While fear of rising interest rates has clearly been a factor in recent market volatility, there are plenty of other reasons for the sudden jolts that are worrying investors.
Doug Kass, president of Seabreeze Partners Management Inc., is quoted on Mauldin Economics saying the recent record-breaking market plunge “likely was a function of the distorted, dangerous world of new investment products and strategies. … [T]he proliferation of short vol, volatility trending and risk parity strategies when combined with an explosion of leveraged ETFs and ETNs – many of which were derivatives of derivatives and had no business existing except to please gamblers – had altered the market structure … ”
In his column, “Kill the Quants,” New York Times best-selling author John Mauldin focuses especially on exchange traded notes (ETNs), explaining that one of their key features is that there has to be a bank or a guarantor on the note.
“Even though we’ve had at least two shortfall ETNs literally blow up and go to zero,” he wrote, “the investors in those funds are going to get ‘something.’ If you put in your withdrawal request while there was still a price, there is an extraordinarily good case that you are due your money.”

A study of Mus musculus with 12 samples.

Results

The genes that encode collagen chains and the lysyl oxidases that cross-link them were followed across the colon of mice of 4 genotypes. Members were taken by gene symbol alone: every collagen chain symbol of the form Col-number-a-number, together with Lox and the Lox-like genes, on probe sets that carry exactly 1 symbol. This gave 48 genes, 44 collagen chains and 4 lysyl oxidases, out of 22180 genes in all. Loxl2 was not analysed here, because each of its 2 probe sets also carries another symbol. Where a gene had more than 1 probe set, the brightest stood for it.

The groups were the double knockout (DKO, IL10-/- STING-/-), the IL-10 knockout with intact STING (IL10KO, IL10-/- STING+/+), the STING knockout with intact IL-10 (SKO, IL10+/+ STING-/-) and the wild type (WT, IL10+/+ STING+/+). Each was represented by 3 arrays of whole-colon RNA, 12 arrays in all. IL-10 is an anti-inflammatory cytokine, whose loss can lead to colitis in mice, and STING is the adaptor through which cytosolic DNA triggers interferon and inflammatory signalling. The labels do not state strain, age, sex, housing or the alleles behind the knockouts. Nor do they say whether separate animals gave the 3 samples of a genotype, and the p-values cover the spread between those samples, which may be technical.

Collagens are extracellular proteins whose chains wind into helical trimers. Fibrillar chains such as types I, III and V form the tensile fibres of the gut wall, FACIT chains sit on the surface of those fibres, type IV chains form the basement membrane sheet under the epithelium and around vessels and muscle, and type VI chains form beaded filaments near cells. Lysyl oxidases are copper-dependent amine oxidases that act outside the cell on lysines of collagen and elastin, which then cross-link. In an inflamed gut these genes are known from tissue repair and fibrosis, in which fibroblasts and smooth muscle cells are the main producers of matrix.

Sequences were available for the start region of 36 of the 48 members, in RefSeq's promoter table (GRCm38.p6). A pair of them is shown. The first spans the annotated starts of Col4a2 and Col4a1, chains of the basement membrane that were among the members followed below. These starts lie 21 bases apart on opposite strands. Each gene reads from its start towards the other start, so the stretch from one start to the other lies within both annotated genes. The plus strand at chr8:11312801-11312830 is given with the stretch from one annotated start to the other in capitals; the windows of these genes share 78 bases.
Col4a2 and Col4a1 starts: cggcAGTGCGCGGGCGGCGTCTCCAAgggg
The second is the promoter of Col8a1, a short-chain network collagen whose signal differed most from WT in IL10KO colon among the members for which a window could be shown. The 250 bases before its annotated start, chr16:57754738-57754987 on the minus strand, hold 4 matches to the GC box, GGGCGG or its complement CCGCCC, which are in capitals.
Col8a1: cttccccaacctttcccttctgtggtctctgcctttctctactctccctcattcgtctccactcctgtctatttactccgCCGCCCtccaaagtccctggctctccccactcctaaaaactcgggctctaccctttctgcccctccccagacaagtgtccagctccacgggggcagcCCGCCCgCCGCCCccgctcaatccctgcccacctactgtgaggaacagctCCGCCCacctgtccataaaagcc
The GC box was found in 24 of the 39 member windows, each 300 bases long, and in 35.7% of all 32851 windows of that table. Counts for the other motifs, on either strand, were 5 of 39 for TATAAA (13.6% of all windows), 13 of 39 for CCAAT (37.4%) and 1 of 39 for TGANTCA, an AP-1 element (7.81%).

When the ETN fund doesn’t have any money, the bank that guaranteed it is “on the hook.”
100% Hedged Out
One of the ETNs that imploded was backed by Credit Suisse. Before the market opened on Feb. 5, the day of the 1,175 point drop in the Dow, Credit Suisse announced that 100% of its liabilities in the ETN had been hedged out.
“Of course,” Mauldin wrote,” they didn’t say hedged out to whom, and that will make us all wonder about counterparty risk; but we won’t have answers on that for a long time, and while a significant amount of money is involved, it is not life-threatening to a bank the size of Credit Suisse. More like annoying than life-threatening.”
The Wall Street Journal has also reported on the volatility in exchange-traded products.
“While exchange-traded funds have lowered the cost of investing and given individuals access to strategies once reserved for hedge funds and multibillion-dollar pensions,” The Journal reported, “the $5 trillion global industry has ventured into complex strategies, sometimes with disastrous results.”
Exchange-traded products that bet against Wall Street’s fear gauge lost more than 80% of their value, according to The Journal. As the previously calm volatility index surged, $1 trillion in market capitalization was erased.
The Securities and Exchange Commission has started examining exchange-traded products and has already questioned Credit Suisse about its VIX-related product, according to The Journal. Credit Suisse plans to shut down its exchange-traded product on Feb. 21.